Wednesday, September 28, 2022

Farm Bureau Summer Conference provides news on energy, ag


“Energizing the Grassroots” is the theme of the Montana Farm Bureau Summer Conference being held in Sidney, June 9-11. Farm Bureau members traveled to the northeastern part of the state to attend advisory committee meetings,  learn more about the energy industry and tour local agricultural businesses.  The Summer Conference is a time when advisory committees meet to discuss current agricultural issues and concerns and surface ideas for policy development.

Keynote speaker Rayola Dougher, American Petroleum Institute , provided an overall picture of the energy industry both in Montana, nationwide and globally. “There are so many factors affecting the prices of oil and gas, but it really just comes down to supply and demand,” Dougher told the group. “Geopolitical risk has been the greatest factor of oil prices on the world market. However, because the U.S. has increased its oil products, we’re making up for the loss. The United States has gone from being 60 percent dependent on foreign oil to 28 percent.”

Dougher indicated that the U.S. could even be more successful with its oil production if the government would allow more offshore drilling. She added that improvements in technology have allowed the U.S. to increase its shale oil production. The API spokesperson noted that the petroleum industry supports renewable fuel. “In fact, $1 out of every $6 the oil industry makes goes to renewable fuel research and production.”

“I believe we will continue to grow on the world market,” she said  “The U.S. petroleum industry has proven they are there for the long haul. As long as there is demand, we have the supply and technology to provide—and even export—energy for a long time.”

Attendees had the opportunity to hear from two farmers/ranchers, a county commissioner and a business person regarding changes in the area since the oil boom started.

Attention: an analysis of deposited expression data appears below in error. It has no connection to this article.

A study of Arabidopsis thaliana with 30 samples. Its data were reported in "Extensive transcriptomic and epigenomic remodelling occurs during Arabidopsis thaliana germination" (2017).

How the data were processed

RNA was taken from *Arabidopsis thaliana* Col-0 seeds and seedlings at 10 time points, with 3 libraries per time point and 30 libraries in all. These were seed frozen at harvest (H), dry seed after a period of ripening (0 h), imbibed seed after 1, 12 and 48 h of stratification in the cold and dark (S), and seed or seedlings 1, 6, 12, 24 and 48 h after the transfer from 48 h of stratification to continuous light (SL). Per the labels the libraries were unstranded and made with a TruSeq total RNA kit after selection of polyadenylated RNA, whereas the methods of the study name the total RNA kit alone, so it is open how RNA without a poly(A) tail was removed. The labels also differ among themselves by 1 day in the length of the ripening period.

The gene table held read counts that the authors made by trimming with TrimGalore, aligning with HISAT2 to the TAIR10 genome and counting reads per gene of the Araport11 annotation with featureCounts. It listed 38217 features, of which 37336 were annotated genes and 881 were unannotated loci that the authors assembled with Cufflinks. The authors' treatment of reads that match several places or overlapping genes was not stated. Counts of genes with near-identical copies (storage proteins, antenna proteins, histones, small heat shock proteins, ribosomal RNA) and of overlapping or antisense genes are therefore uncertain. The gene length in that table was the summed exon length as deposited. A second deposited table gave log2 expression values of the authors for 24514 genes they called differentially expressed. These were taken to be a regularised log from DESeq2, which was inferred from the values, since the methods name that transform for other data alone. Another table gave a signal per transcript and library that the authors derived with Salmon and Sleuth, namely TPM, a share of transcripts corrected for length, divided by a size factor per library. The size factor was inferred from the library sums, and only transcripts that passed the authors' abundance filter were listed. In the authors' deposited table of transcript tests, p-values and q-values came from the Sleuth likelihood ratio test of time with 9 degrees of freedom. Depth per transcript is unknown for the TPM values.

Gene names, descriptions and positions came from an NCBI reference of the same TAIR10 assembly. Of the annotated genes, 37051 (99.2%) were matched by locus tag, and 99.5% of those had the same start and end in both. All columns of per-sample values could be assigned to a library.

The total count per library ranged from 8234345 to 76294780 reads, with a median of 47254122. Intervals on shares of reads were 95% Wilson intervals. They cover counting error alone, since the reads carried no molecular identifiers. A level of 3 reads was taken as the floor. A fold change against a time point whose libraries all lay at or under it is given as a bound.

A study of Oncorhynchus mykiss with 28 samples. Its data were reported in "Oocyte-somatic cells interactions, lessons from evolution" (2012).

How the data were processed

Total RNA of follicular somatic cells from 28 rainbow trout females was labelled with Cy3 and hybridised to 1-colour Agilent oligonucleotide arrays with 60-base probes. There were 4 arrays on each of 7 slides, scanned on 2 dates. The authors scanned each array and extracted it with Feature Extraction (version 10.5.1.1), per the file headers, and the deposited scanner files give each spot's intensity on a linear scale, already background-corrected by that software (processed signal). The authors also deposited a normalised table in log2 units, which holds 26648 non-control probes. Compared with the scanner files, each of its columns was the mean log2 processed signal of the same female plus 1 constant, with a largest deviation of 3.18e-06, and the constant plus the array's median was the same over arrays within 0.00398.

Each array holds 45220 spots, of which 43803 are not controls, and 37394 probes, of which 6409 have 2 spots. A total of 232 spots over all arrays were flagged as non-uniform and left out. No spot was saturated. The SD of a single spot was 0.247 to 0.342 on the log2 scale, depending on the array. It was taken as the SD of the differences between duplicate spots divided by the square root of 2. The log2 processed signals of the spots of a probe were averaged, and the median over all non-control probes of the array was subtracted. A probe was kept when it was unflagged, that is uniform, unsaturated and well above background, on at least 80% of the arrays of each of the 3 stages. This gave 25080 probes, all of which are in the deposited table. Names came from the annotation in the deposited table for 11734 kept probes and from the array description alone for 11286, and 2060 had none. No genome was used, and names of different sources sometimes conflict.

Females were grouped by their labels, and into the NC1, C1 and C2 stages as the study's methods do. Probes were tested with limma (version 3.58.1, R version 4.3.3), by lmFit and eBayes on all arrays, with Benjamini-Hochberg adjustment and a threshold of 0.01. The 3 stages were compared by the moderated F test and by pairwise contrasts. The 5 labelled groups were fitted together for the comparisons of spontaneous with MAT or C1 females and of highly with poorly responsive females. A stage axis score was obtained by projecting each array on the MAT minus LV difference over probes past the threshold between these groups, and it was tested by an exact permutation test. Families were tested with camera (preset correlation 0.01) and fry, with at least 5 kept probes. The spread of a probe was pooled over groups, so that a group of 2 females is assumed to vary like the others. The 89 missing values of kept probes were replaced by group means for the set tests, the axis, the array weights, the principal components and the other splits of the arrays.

Commissioner Shane Gorder explained that finding infrastructure financing continues to be challenging. “Although there has been a bit of slowdown in production, there continues to be a need to keep the roads in good shape,” he said, explaining that since the boom some improvements to the community with money from the industry included a new health center, a new fire hall, a new water treatment plant, improvement to the fairgrounds including an events center and law and justice building.  “Certainly our city and county attorneys have been very busy,” Gorder noted.

Greg Breuer, who manages Crop Production Services in Fairview, said his agriculture customers keep him busy; however, deliveries that used to take 45 minutes can take twice as long, and wages have doubled if one wants to keep their help from heading to the oilfield. One plus: sales of water tanks went from 100 per year to 700.

Farmer and former Montana legislator Don Steinbeisser, Sr., said the oil industry is important to the area. “I’ve seen three oil booms, and in general that industry has helped farmers be able to afford new equipment, send the kids to college and in some cases allow them to expand their operations,” Steinbeisser said. “He added that split estates—where the surface owner is not the mineral owner, can be a problem, and in that case, it’s especially important to negotiate on a site settlement.”

He added that although the industry’s high-paying jobs lure some workers away from the farm, the Steinbeissers have had success with keeping employees because they furnish housing—a hot commodity in the area.

Pat Hackley, a Culbertson rancher, agreed there are pros and cons to the boom. “I think the biggest downside is the crime and increased problems with drugs and alcohol,” he said. “It can be dangerous moving your combine or tractor down the busy roads with the increased traffic. However, the oil industry has helped some farmers and ranchers pay off debt. We’ve found companies here are very generous in donating to agricultural programs, like 4-H. Where else would a kid get $6,000 for his steer at the 4-H sale at the Fair?”

The Summer Conference continues June 11 with tours of Safflower Technologies, Rambur Charolais and the Westmoreland Coal Mine.